The Voice’s top 13 contestants all took the stage for round two of the Live Playoffs Monday night, an episode billed as “dedication week” and featuring some emotionally-charged performances along with the knowledge that two more hopefuls will be sent home Tuesday.
The night began on a somber note with rocker Chris Kroeze, who turned the Beatles “Let It Be” into a gritty blues tribute to the family of a missing 13-year-old in his native Wisconsin. He was followed by Hawaiian folk singer Tyke James, who in turn dedicated Bryan Adams’ “(Everything I Do) I Do It for You” to his mother, and Houston native DeAndre Nico, whose spiritual, cathartic cover of MercyMe’s “I Can Only Imagine” went out to his girlfriend and the pregnancy they lost during the Knockout Rounds.
Gospel-pop crossover Kimberli Joye provided the night’s first high note, emotionally speaking, delivering her sharp cover of Rihanna’s “Diamonds” on a stage studded with “diamond” towers. So far on the show, she’s been hailed for her raw vocal power, but coach Kelly Clarkson told her to lean into the song’s intricate moments, playing up her ability to make listeners feel. Joye made sure to offer some soaring high notes anyway, with Clarkson praising Joye’s craft after the performance.
Thirteen-year-old Kennedy Holmes followed directly after, dedicating her choice of the uplifting “Wind Beneath My Wings” to her parents. Coach Jennifer Hudson made the remark that she, too, sang this song as a 13-year-old… but for her eighth-grade graduation. Holmes certainly has poise beyond her middle school age, though, turning in another sweet and vocally pristine performance, with Hudson saying, “you’re beautiful in every way.”
Powerhouse soul rocker SandyRedd came next in the show’s potent lineup, offering another tender moment. Tackling Boyz II Men’s “It’s So Hard to Say Goodbye to Yesterday” in remembrance of her mother, the Chicago native softened her approach considerably, with her gutsy low notes moving from husky to smooth and a flowing white gown creating a heavenly feel. She was crying as the song ended, with coach Hudson praising the way she “took us to the depth of your hurt.”
With only one female country singer remaining on the show, 16-year-old Chevel Shepherd stepped up with a sass-filled rendition of Little Big Town’s “Little White Church.” Three backup singers joined her to recreate LBT’s quartet harmonies, and with Shepherd letting her attitude hang out, all four judges stood to applaud as the song closed. Coach Adam Levine raved over Shepherd’s cuteness, which Clarkson called her “magnificent” and predicted “Nashville is salivating right now.”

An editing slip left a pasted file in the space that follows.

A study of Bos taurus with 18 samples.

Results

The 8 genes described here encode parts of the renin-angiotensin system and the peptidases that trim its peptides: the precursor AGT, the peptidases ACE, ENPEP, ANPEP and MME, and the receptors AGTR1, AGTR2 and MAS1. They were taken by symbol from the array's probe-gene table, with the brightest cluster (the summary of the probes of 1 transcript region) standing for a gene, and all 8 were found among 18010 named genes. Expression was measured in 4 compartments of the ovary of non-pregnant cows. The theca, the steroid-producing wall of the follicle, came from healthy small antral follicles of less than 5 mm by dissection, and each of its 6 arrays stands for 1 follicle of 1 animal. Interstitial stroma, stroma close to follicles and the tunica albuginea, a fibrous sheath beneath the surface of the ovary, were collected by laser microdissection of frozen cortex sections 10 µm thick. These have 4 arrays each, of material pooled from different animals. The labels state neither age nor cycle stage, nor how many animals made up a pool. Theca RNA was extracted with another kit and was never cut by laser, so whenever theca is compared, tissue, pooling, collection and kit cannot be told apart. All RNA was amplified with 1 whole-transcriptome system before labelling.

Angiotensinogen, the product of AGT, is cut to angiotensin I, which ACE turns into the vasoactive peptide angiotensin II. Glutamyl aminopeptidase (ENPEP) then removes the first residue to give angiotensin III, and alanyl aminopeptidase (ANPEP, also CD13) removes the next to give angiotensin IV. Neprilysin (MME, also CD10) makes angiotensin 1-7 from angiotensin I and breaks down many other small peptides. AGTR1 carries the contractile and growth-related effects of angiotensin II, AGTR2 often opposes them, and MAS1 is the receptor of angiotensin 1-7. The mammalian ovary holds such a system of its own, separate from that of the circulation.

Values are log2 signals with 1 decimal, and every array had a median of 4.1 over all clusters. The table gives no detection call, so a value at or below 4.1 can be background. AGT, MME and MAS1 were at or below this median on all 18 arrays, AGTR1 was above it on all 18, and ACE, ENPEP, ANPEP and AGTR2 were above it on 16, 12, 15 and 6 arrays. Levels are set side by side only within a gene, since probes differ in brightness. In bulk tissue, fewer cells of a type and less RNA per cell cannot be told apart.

Winning the award for boldest move of the night had to be Kentucky R&B singer McKenzie Thomas, who sang Hudson’s “I Am Changing” in front of her coach, and also dedicated the performance to her. Hudson originally sang the track for 2006’s Dreamgirls movie, while Jennifer Holliday did the original version for the Dreamgirls Broadway musical. Calling Hudson her hero and intended as a thank you for saving Thomas during a previous round, Thomas’ theatrical performance found her proving she can do “more than riffs and runs,” with Hudson describing her skill as “bananas.”
Toward the end of the night, old soul Sarah Grace showed off her musicianship, playing piano on a sparkling cover of Elton John’s “Yellow Brick Road”; sandpaper-voiced country singer Dave Fenley dedicated Lee Brice’s “Hard to Love” to his wife; Comeback Stage winner Lynnea Moorer showed real star quality on Selena Gomez and Marshmello’s “Wolves”; and Memphis teenager Reagan Strange closed the show by dedicating Lauren Daigle’s empowering “You Say” to her supportive grandparents – but not before country standout Kirk Jay brought down the house.
Featured in the video at the top, Jay once again took an aging country hit and made it feel brand new, diving into Lonestar’s syrupy family ballad, “I’m Already There.” Dedicating the song to his mother — who had never seen Jay sing live but was in the audience last night — the tear-jerking performance found Jay’s quirky vocal tugging at heart strings as his mom wept in her seat. During rehearsals, coach Blake Shelton had said “This is what this show is all about – an undiscovered talent that doesn’t look like he sounds, with a legit shot at making it in country.” After the performance, all Shelton could say about Jay’s talent was “It’s not even fair,” while Hudson agreed, praising Jay by saying, “You are bad, bad, bad, bad, bad.”
Two more contestants will be voted out by fans during tonight’s live episode of The Voice, airing at 8/7c on NBC, with Clarkson and Levine each performing with their teams.